Webinar: Addressing the gender bias in artificial intelligence data
29 March 2021, 14:00 – 15:00 (Paris)
As part of the March on Gender, the OECD Directorate for Science, Technology and Innovation and the International Transport Forum (ITF) held a virtual event on gender bias in artificial intelligence (AI) data (March 29, 2021).
📹 👀 Watch the recorded version on Youtube:
This virtual event brought together technical and policy experts to address questions around gender bias in AI, such as:
- What are the best ways to combat gender bias in AI training data?
- How can data governance help to overcome challenges related to gender bias in data and other gender-related AI concerns?
- How can AI help to identify and eliminate gender bias?
- How can implementing the OECD AI Principles help to address gender bias?
Moderator: Audrey Plonk, Head of Digital Economy Policy Division, Directorate for Science, Technology and Innovation, OECD
Opening remarks by:
Mr. Ulrik Vestergaard Knudsen, Deputy Secretary-General, OECD
Dr. Young Tae Kim, Secretary-General of the International Transport Forum
Panel discussion and live Q&A with:
Dr. Antonella Santuccione Chadha, Co-founder and CEO of the Women’s Brain Project (WBP), and Head of Stakeholder Engagement at Biogen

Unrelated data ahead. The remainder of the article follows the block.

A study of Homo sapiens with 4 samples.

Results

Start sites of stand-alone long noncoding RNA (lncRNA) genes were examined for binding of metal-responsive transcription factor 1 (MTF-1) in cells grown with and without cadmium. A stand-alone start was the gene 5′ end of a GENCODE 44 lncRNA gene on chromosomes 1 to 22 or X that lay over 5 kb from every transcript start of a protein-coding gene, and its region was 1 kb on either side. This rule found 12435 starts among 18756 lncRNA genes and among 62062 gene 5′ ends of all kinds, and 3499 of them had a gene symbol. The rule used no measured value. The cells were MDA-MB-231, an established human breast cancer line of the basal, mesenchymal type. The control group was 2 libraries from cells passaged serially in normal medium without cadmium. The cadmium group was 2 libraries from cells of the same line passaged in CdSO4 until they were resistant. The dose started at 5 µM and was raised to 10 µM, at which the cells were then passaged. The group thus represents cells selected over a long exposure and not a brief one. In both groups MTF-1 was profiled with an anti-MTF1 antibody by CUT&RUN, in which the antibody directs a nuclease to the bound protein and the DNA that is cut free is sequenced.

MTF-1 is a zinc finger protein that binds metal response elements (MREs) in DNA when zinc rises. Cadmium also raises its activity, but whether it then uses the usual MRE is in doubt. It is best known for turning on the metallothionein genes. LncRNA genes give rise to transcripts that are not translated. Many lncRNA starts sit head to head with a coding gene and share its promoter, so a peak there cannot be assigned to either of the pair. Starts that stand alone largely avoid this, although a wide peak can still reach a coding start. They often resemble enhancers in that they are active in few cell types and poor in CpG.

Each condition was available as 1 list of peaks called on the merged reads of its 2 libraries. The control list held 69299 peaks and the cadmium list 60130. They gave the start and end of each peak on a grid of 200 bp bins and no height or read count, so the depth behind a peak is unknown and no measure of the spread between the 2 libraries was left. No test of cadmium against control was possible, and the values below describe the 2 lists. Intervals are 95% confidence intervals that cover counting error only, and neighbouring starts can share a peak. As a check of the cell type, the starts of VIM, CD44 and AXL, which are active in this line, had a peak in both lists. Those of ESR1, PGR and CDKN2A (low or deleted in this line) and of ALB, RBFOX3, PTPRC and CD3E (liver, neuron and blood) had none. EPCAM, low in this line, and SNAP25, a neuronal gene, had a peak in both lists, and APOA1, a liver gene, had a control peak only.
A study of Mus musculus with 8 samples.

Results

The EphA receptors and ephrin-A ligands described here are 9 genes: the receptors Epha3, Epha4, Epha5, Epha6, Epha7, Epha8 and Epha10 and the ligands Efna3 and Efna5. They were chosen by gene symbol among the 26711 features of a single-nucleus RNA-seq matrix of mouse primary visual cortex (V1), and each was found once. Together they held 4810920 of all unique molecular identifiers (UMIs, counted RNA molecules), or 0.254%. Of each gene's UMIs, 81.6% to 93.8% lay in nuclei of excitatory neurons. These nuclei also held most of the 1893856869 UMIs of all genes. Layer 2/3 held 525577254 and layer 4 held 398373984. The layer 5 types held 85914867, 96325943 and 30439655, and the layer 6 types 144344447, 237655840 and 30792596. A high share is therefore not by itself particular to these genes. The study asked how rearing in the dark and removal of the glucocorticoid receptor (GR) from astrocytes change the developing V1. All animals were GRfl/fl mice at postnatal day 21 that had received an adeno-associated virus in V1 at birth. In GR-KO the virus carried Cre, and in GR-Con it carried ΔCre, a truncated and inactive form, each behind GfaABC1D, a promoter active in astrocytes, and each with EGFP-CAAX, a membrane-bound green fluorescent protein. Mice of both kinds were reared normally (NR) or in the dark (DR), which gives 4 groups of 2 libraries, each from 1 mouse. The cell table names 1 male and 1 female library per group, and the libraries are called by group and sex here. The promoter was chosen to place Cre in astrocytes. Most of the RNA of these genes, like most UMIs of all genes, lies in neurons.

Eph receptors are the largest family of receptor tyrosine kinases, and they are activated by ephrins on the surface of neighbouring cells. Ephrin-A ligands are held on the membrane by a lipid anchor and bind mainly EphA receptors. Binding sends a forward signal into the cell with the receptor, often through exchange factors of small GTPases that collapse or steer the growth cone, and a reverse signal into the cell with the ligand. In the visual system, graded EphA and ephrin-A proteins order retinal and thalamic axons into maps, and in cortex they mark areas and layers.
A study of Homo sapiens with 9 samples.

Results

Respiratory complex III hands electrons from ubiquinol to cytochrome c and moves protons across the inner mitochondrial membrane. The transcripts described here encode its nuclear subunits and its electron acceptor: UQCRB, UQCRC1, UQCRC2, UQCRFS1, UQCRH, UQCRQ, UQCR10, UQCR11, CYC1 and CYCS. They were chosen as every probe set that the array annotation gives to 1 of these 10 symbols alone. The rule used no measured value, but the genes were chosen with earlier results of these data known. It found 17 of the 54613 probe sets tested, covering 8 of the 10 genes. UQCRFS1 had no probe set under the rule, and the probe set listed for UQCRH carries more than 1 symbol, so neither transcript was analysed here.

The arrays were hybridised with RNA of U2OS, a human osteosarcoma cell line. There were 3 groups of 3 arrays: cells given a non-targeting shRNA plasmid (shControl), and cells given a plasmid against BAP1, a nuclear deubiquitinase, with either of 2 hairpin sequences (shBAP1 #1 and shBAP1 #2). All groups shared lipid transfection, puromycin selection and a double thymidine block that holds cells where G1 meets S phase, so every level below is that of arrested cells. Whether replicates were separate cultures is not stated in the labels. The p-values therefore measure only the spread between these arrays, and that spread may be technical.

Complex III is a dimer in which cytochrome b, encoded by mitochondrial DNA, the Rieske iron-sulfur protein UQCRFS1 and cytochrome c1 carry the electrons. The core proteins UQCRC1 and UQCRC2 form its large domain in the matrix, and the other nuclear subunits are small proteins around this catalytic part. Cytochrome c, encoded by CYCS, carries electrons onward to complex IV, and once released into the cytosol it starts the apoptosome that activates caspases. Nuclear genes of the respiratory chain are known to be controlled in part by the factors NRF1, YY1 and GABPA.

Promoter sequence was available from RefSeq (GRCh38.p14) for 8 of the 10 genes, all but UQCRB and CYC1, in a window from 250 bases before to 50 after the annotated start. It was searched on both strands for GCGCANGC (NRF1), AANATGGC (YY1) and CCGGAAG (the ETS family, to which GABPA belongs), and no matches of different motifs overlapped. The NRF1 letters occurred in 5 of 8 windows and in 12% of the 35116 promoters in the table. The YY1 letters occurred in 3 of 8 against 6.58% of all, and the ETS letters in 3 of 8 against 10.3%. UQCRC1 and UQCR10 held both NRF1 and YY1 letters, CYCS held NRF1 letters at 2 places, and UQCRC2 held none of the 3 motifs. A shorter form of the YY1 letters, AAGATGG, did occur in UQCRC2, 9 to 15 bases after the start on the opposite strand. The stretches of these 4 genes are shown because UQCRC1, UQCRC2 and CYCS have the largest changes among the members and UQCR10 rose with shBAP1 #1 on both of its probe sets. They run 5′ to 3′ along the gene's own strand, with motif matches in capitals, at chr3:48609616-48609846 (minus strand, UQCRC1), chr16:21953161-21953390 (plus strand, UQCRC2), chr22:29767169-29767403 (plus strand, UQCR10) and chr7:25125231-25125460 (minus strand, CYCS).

Mr. Lee Glazier, Head of Service Integrity, Civil Aerospace, Rolls-Royce Plc
Dr. Aleksandra Mojsilović, IBM Fellow, Head of AI Foundations at IBM Research, and Co-Director of IBM Science for Social Good
Ms. Cristina Pombo, Principal Advisor and Head of the Digital and Data Cluster, Social Sector, Inter-American Development Bank
Dr. Jeni Tennison, Vice President and Chief Strategy Adviser, Open Data Institute and Co-Chair, Working Group on Data Governance – The Global Partnership on AI (GPAI)
Data is the lifeblood of the digital economy and artificial intelligence, so if data processes yield data that are non-representative then the resulting algorithms will almost certainly have biased outcomes. Algorithms that do not take pre-existing gender-based inequalities into account will also be biased.
While AI systems run the risk of perpetuating or even exacerbating gender-based inequalities, AI can also help to identify and correct human bias.
- Artificial Intelligence in Society, OECD (2019),
- Trustworthy AI in health. Background paper for the G20 AI Dialogue, Digital Economy Task Force (April 2020)
- The role of Data in AI. Report for the Data Governance Working Group of the Global Partnership of AI. Report prepared for GPAI by the Digital Curation Centre, Edinburgh University School of Informatics and Trilateral Research (2020),
- AI Fairness 360: An extensible toolkit for detecting, understanding, and mitigating unwanted algorithmic bias, Rachel K. E. Bellamy, et al. (2018),
- Sex and gender differences and biases in artificial intelligence for biomedicine and healthcare, Davide Cirillo, et al., NPJ Digital Medicine 3.1 (2020).